12/08/2016 06:35 EST | Updated 12/08/2016 06:37 EST
Dan Riedlhuber / Reuters
Alberta Premier Rachel Notley speaks to the media on the death of former Alberta Premier Jim Prentice, who was killed in a plane crash, at the Alberta legislature in Edmonton, Alberta, Canada October 14, 2016. REUTERS/Dan Riedlhuber

"The chant rose ritually, as at the last moment of a dance or a hunt. 'Kill the pig! Cut his throat! Kill the pig! Bash him in!'" -- William Golding, Lord of the Flies, 1954

Lord of the Flies is a classic 21st century novel that describes how a group of English schoolboys stranded on a desert island descend from civilization into savagery.

Initially, Ralph emerges as the natural charismatic leader, employing his reason and pragmatism to institute a system of smoke signals, plans for building shelters, and a process for democratic representation. Over time, Ralph's rival -- the violent and authoritarian Jack -- lures the majority of boys over to his leadership: the appeal of war paint, the hunt, and domination becomes too great for the group of boys to resist.

At the apex of the plot, the boys are all chanting, egging each other on to slaughter a wild boar with their makeshift weapons. Jack and his gang do indeed "cut his throat," and parade the pig's head around the island on a stick.

This well-known allegory offers two stark choices: Ralph or Jack; civilization or savagery?

An "innocent chant, not to be taken literally" may now be a bellweather for further division in our usually civil discourse.

The degeneration of political discourse that we have seen in the past few years offers nearly as stark a choice. Social media is now the main source of news for most people, with uninformed opinions, name calling, threats of violence and emotional melodrama characterizing a great deal of "debate." And now, the heart-wrenching spectacle of the U.S. election so recently concluded has finally filtered into Canadian politics.

What some have dismissed as an "innocent chant, not to be taken literally" may now be a bellweather for further division in our usually civil discourse.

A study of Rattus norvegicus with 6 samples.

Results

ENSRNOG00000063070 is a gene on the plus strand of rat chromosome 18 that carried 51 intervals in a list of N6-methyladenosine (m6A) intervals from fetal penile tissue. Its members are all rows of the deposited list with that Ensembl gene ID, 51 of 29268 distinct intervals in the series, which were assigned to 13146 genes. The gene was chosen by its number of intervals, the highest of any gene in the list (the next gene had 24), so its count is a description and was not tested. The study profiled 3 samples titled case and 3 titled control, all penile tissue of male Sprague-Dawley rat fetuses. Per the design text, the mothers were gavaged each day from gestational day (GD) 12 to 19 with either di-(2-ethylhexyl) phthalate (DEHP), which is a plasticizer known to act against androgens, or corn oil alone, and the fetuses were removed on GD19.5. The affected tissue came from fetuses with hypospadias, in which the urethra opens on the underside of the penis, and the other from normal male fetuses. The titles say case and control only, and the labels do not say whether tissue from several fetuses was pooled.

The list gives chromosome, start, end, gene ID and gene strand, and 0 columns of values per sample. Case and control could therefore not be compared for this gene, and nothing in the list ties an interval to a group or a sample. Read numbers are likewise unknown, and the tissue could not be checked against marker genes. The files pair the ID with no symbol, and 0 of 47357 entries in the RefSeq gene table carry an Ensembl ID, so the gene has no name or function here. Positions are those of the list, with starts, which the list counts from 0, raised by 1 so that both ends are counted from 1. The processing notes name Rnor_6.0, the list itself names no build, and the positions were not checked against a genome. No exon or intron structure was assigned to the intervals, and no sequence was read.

It is possible that Albertans who called on democratically elected Premier of Alberta Rachel Notley to be "locked up" for fulfilling her mandate may not have meant their words literally. Perhaps they found it a relief, an amusement, to lift an American phrase from the last election, directed at another loathed public figure (who was also obliquely threatened with assassination, twice, by the president-elect).


It is possible that these are "just words" and "just anger," or "just a joke," although it hardly need be noted that unlawful confinement is a Criminal Code offence and punishable by federal law.

Threats like these can never be justified in terms of freedom of speech or "anti-political correctness." The self-indulgence, the underlying menace, and the thinly veiled barbarism of this chant are an attempt at intimidation, and undermine the democratic process and the civil discourse that guides our way of life.

It is not simply the "chattering classes" or "elites" whose sensibilities are rightly disturbed. It is everyone who has ever had any experience with a dictatorship or authoritarian regime; it is anyone who has ever had violence or forcible confinement threatened against them; it is anyone who has ever seen how the thin veneer of civilization can erode into anarchy.

Nor can the "lock her up" rallying cry ever be dismissed as harmless simply on the basis that people are out of work. Both sets of my grandparents (coal miners on one side, farmers on the other) were mired in poverty for most of their adult lives, yet I cannot imagine any of them using the shield of free speech to incite a crowd against an elected official who was fulfilling her democratic mandate.

Words lead to thought, and thought to action.

It is worth noting Lord of the Flies was written less than a decade after the Second World War by an author who had served in the British army and had seen first-hand the evil that humans are capable of. As a writer, Golding was acutely aware of the Holocaust, the continuing threat of nuclear warfare, and the threat of authoritarian dictators that arose during the post-1945 world order.

The economic instability of working class America has some features in common with the unemployment and economic depression of Alberta. But in neither case can hardship be used as a pretext for threats of imprisonment, violence and murder (which Notley has been subjected to since her election in 2015). Those who excuse and dismiss these barbaric words must remember the lessons of the 21st century, and how easy it is for a society -- big or small -- to descend into authoritarianism, anarchy, war and bloodshed.

Every society has a choice: do we take the side of Ralph and fight for civilization in the form of rules, morality and the rule of law, or do we descend with Jack and his animal savagery, his brute power and his raw thirst for domination?

Yes, these are "just words" so far, but words matter. Words lead to thought, and thought to action. Those who are suffering must always be given a voice and a platform; but it is up to all of us speak up in circumscribing the limits of barbarism.